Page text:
Microsoft Word helps writers in more ways than just spell checking. There are other not widely known tools in Microsoft Word designed to help the writer. For example, there is the thesaurus that will suggest a substitute for a word you enter that may more precisely convey your intent. You can also set word hyphenation to break your longer words at the end of a line. (The tendency of Word to hyphenate excessively can be distracting, which is why most writers prefer not to activate automatic hyphenation.) Microsoft Word also has a word count capability (in its Tools menu) that is obviously handy, if word count is important to you.
Then there is the grammar and style checker that will help you out as you write. In Microsoft Word, a green underline shows the "offending" text with alternate suggestions. For example, if the program detects a sentence fragment or disagreement between subject and verb the magic green line will appear. The problem with the grammar checker is that it is somewhat cranky and often wrong. Most accomplished writers do not rely extensively on this sometimes-annoying tool, but you should leave it activated because it does detect things like passive voice writing and added spacing.
♦ For those larger, more ambitious projects, Word has advanced features.
For those preparing larger documents with many sections requiring a table of contents and an index, Microsoft Word has some rather slick and instantaneous large document management tools. You can automatically generate a table of contents, but you must first know how to activate the somewhat complicated "styles" tools. The advanced user can insert special fields to generate the table, but it is almost more trouble than it is worth. Indexes require some additional learning, but they are definitely worth the trouble.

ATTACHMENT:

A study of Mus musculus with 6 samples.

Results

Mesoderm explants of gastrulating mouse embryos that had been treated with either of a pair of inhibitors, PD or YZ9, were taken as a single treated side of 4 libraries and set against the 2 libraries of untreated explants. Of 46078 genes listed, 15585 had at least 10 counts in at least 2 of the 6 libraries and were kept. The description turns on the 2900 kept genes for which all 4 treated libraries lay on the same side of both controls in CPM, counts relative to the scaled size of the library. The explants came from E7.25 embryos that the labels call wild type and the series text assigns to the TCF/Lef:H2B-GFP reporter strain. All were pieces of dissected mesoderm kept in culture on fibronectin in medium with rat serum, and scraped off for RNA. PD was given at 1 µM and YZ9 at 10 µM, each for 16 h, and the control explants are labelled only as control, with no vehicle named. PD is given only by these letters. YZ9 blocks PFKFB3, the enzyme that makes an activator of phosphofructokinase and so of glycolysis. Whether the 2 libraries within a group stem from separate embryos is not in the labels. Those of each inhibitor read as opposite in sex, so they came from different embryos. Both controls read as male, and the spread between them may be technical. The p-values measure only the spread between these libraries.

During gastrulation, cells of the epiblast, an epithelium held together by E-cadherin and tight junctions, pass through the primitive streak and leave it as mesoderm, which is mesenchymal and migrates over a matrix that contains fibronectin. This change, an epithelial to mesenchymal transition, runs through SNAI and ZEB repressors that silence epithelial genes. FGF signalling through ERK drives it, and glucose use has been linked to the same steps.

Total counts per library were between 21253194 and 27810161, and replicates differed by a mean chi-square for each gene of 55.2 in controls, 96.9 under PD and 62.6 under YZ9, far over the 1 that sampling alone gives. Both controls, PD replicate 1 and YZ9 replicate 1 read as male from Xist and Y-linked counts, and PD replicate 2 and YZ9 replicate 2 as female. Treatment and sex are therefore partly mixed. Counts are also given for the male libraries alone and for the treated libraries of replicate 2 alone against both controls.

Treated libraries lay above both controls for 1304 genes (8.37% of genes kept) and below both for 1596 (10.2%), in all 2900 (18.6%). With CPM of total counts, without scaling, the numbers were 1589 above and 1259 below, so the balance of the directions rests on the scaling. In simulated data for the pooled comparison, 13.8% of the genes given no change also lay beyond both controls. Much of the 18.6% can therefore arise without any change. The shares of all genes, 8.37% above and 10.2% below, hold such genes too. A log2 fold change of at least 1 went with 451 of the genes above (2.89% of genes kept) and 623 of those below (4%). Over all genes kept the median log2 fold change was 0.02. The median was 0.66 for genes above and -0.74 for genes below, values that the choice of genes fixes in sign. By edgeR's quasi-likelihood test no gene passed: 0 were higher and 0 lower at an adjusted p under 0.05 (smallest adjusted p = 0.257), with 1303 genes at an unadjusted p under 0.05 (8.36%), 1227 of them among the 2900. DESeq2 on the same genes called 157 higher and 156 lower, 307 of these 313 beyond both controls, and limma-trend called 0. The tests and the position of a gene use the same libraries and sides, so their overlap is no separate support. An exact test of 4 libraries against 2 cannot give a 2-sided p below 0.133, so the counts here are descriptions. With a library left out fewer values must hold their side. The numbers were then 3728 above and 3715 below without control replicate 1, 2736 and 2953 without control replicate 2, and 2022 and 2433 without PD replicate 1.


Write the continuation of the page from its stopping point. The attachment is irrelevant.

♦ Use Microsoft Word's readability stats.
Finally, there are two not widely known writing tools that show so-called "readability statistics." You must check "Show readability statistics" in the Spelling and Grammar dialog box (under Tools) to activate this. After you activate this feature, do a complete spell check after you complete the document. A dialog box appears with word count and paragraph length averages.
The readability statistics display in the same dialog box and show the number of passive sentences in the document (passive sentences are normally considered not so clear as active ones; e.g., "I threw the ball" is active; "The ball was thrown by me," is passive.) Also appearing is the "Reading Ease" rate (the higher the number up to 100, the better) and the Flesch-Kincaid Grade Level formula. That's school grade. Experts recommend targeting your writing to around the 8th grade level. (This article has a reading ease of 52.5 with a Flesch-Kincaid grade level of 10.0.)
♦ Microsoft Word's tools are just technical aids.
Albert Joseph, whose how-to guide "Put It In Writing!" (p. 104), summarizes computer-writing tools by posing this question:
"Will computers ever write for us? If writing is one's thinking put on paper, a better way of asking that question might be: Will computers ever think for us? Would we want them to?"
So it's clear: You have to do the thinking and organization that goes into the creative process of writing. Microsoft Word's great writing tools allow you to poke and prod to find flaws and oversights that every writer misses.